Critics’ Picks

Charles Avery, World Map, 2008, gouache, crayon, paper, 8 1/2 x 11’.

Charles Avery, World Map, 2008, gouache, crayon, paper, 8 1/2 x 11’.

Paris

Charles Avery

FRAC Île-de-France | le plateau
22 rue des Alouettes
May 27–August 8, 2010

Since 2004, Charles Avery has devoted himself to an ongoing project called “The Islanders”—the elaboration of an invented world via texts, drawings, and objects—now on view in “Onomatopoeia.” The exhibition holds many pleasures, and it may also tempt viewers to try to hold one medium up as a key or a legend for another: Do Avery’s writings included here, excerpts from the 2008 catalogue The Islanders: An Introduction—in which a first-person narrator logs his observations as he wanders the port city of Onomatopoeia for the first time—set the objects on display in motion? Or are the matte, gouache-covered bronze portrait busts of the island’s characters prompted by the text? World Map, 2008, an eight-and-a-half-by-eleven-foot projection map depicting two intricately labeled hemispheres of squiggled gold paint on a black gouache sea, seems like an obvious key. But the map’s strange geophilosophy—with entities like the ISLAND OF ULTIMATE REALITY and a mountain range called the PHENOMENON OF THE NOUMENON—never quite converts itself into allegory, thwarted by nonsense more out of Lewis Carroll than Kant (the equator is the PRINCIPLE OF THE DITHERING EEL).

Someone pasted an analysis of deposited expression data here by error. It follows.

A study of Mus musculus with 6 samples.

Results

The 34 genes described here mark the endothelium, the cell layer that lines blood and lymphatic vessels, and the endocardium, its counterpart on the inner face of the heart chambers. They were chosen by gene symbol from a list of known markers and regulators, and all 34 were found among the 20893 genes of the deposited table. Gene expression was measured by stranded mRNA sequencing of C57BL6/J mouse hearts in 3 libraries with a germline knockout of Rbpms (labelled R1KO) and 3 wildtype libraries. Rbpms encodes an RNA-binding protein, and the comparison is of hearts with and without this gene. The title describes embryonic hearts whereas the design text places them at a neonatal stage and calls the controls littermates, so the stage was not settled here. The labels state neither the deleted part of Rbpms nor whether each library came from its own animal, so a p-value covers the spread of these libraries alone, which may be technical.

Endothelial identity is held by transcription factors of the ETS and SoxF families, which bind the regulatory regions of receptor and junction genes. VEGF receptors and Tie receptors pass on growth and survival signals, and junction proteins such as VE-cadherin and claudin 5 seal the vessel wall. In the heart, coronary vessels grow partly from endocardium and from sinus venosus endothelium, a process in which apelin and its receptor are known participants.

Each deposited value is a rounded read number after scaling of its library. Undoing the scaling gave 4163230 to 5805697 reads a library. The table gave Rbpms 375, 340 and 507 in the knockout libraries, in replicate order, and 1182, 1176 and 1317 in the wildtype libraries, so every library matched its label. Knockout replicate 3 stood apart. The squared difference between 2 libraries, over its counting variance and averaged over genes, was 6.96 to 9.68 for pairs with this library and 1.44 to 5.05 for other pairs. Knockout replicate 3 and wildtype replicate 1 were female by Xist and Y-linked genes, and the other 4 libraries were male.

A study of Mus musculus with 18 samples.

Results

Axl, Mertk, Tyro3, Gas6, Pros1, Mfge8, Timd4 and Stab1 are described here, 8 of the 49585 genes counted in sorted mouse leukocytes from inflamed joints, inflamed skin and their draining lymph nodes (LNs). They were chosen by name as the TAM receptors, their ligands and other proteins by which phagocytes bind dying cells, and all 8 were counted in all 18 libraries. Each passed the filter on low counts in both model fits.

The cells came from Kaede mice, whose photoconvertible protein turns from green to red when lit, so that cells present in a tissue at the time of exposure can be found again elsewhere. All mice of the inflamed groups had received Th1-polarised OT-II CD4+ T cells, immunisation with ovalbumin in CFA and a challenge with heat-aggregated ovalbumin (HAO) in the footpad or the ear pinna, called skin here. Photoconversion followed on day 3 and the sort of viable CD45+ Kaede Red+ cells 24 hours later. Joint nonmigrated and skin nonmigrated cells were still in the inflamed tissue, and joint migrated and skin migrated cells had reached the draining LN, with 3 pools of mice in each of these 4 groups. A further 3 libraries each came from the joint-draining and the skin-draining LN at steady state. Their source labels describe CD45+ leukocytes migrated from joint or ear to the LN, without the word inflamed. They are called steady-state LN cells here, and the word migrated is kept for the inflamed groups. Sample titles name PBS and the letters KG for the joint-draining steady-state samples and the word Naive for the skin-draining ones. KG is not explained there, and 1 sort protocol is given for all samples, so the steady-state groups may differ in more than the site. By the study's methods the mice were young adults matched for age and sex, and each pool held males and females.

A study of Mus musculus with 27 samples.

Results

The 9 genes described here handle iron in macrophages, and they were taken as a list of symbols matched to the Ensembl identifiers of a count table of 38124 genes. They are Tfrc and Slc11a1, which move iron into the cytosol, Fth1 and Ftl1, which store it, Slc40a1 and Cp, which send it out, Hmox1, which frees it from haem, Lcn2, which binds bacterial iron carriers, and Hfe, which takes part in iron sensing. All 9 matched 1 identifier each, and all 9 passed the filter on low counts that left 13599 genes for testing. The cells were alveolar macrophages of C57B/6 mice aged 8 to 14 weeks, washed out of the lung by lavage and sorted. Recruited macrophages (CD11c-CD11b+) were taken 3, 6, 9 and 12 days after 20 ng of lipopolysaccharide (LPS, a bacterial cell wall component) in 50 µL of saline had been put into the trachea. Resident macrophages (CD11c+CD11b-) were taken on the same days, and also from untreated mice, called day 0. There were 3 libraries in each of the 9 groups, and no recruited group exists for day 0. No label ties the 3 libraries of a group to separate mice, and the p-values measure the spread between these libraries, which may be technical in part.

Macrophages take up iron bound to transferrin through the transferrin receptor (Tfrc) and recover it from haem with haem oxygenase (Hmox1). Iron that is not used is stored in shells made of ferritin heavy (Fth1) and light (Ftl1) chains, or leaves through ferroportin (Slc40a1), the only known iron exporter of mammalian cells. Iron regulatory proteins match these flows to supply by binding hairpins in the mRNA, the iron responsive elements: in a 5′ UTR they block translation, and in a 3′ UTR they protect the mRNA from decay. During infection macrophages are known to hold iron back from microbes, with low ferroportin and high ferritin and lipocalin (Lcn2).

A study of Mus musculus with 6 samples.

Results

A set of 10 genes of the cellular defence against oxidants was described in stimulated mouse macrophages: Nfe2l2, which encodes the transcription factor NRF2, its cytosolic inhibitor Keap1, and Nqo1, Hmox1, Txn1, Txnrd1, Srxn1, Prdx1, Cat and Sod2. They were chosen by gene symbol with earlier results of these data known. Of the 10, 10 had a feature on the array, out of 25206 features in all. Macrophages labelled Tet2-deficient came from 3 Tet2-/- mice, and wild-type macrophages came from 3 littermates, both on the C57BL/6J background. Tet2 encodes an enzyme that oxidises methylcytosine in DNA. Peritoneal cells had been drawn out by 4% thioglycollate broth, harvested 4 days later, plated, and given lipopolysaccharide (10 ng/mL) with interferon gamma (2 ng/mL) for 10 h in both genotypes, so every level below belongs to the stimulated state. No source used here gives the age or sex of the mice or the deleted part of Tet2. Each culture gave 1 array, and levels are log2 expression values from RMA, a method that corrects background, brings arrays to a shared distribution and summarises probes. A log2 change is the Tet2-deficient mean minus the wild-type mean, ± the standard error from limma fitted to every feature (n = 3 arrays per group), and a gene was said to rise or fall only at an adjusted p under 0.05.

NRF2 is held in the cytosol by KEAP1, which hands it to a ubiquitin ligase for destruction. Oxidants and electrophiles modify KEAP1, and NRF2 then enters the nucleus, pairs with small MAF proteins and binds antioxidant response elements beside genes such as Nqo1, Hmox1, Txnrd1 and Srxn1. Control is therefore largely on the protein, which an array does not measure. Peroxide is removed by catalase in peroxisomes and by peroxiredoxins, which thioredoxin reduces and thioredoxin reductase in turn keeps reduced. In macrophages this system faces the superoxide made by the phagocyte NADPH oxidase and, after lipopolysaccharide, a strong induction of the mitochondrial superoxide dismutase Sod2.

Avery’s universe comes most to life in large-format pencil-and-ink drawings like Untitled (View of the Port at Onomatopoeia), 2009–10. His kinetic, scooping pencil lines coalesce in passages of tightly worked detail, such as the face of a petty criminal apprehended behind a crowd. Oddities like cat-faced monkeys roaming the island mingle with the recognizable—pudgy, idle tourists; rotten-toothed street barkers. And among a stack of books installed at the exhibition’s entrance is yet another tempting key: Evelyn Waugh’s Vile Bodies leaps out as being sympathetic with Avery’s ethnography of a tragicomic civilization in decline.